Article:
Pupils 'arriving at school hungry'
Almost nine in 10 teachers have seen a rise in the number of children turning up for school hungry, a new survey has found.
The poll of nearly 2,000 working teachers by the Daily Mirror found more than 85% had reported an increase in pupils arriving hungry at school in the last two years.
Some teachers revealed they had brought food from home to feed struggling students, while children have been found stealing from the dining hall and from their friends' plates to fill their empty stomachs, according to the newspaper's study, in conjunction with the National Union of Teachers (NUT) and Child Poverty Action Group.
Across more than 40 pages of anecdote, staff reported that vulnerable students were arriving for school in dirty uniforms or wearing clothes so threadbare they were unsuitable for colder weather, the Mirror said.
The teachers surveyed had also seen an increase in children unable to concentrate in class, with some youngsters finding it difficult to stay awake in lessons, the paper said.
Nearly all said there has been a steady rise in parents being unable to afford to send their children on school trips, according to the red-top.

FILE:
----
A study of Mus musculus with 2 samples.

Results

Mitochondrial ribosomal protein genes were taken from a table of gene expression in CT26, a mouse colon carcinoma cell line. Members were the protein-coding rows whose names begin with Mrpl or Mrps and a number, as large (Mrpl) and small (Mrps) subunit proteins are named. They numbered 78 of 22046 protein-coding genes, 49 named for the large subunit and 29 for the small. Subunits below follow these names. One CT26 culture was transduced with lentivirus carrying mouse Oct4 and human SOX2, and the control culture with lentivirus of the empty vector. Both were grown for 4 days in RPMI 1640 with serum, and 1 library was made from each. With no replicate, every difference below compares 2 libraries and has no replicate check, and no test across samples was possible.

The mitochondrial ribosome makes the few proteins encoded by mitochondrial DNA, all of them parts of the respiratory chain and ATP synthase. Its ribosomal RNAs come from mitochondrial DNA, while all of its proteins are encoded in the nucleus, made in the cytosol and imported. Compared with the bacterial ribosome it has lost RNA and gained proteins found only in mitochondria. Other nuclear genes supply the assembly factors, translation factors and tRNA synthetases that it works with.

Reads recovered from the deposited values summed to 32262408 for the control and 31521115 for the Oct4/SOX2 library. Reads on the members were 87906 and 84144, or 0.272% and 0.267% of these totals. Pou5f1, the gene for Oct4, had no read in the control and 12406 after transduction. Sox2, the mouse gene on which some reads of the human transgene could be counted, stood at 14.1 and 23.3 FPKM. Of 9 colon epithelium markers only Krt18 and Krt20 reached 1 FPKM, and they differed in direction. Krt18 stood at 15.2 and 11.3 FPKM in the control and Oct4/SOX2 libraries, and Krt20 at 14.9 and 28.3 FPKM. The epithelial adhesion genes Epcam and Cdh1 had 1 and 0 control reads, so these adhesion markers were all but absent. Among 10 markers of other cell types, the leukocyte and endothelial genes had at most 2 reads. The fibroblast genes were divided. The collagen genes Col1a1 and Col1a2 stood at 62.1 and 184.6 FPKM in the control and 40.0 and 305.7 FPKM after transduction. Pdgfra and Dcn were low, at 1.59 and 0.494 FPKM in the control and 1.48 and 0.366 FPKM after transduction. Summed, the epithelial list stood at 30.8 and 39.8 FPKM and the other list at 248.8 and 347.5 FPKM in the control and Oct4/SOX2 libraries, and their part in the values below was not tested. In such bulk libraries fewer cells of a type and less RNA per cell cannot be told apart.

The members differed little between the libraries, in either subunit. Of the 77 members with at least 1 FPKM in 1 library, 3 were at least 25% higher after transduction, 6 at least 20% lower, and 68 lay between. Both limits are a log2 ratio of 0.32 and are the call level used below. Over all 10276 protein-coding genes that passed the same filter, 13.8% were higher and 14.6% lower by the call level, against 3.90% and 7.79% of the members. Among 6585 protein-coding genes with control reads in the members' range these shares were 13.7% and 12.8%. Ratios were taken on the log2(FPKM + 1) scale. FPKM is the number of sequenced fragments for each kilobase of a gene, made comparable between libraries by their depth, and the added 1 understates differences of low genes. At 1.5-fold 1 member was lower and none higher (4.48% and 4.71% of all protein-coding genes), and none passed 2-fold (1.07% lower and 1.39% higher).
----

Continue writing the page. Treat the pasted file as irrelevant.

Some 3.5 million British children are classified as living in poverty, the Mirror said.
The staff who took the survey were from schools across the country, including large cities such as Manchester, Liverpool and Sunderland and more rural areas in Hampshire, Hertfordshire and Norfolk.
Christine Blower, NUT General Secretary, told the Mirror: "The Government can and should do far more to reduce child poverty and youth unemployment. The problems that stem from poor housing, joblessness and poverty in all its forms have a debilitating effect on many pupils' learning.
"Tired, hungry children simply can't learn effectively and parents in one of the richest countries in the world shouldn't have to rely on food banks."
The survey has been published ahead of Education Secretary Michael Gove's speech to the Tory party conference in Manchester today.
A Department for Education spokesman said: " Around 1.3 million children receive a free, nutritious meal at school. We are extending this to all five to seven-year-olds from next September.
"The recent school food plan highlighted the Government's commitment to healthy school food. We are allocating more than £3 million to help schools establish more breakfast clubs."
Prime Minister David Cameron told ITV's Daybreak: "It's really important that we make sure there is good nutritious school food and one of the things we are doing of course is to make sure that for the first three years of school... that you have school meals for all.
"That is a really good way to make sure that children are getting a good start and obviously we help, in the latter years, those children whose parents are not well off to have free school meals."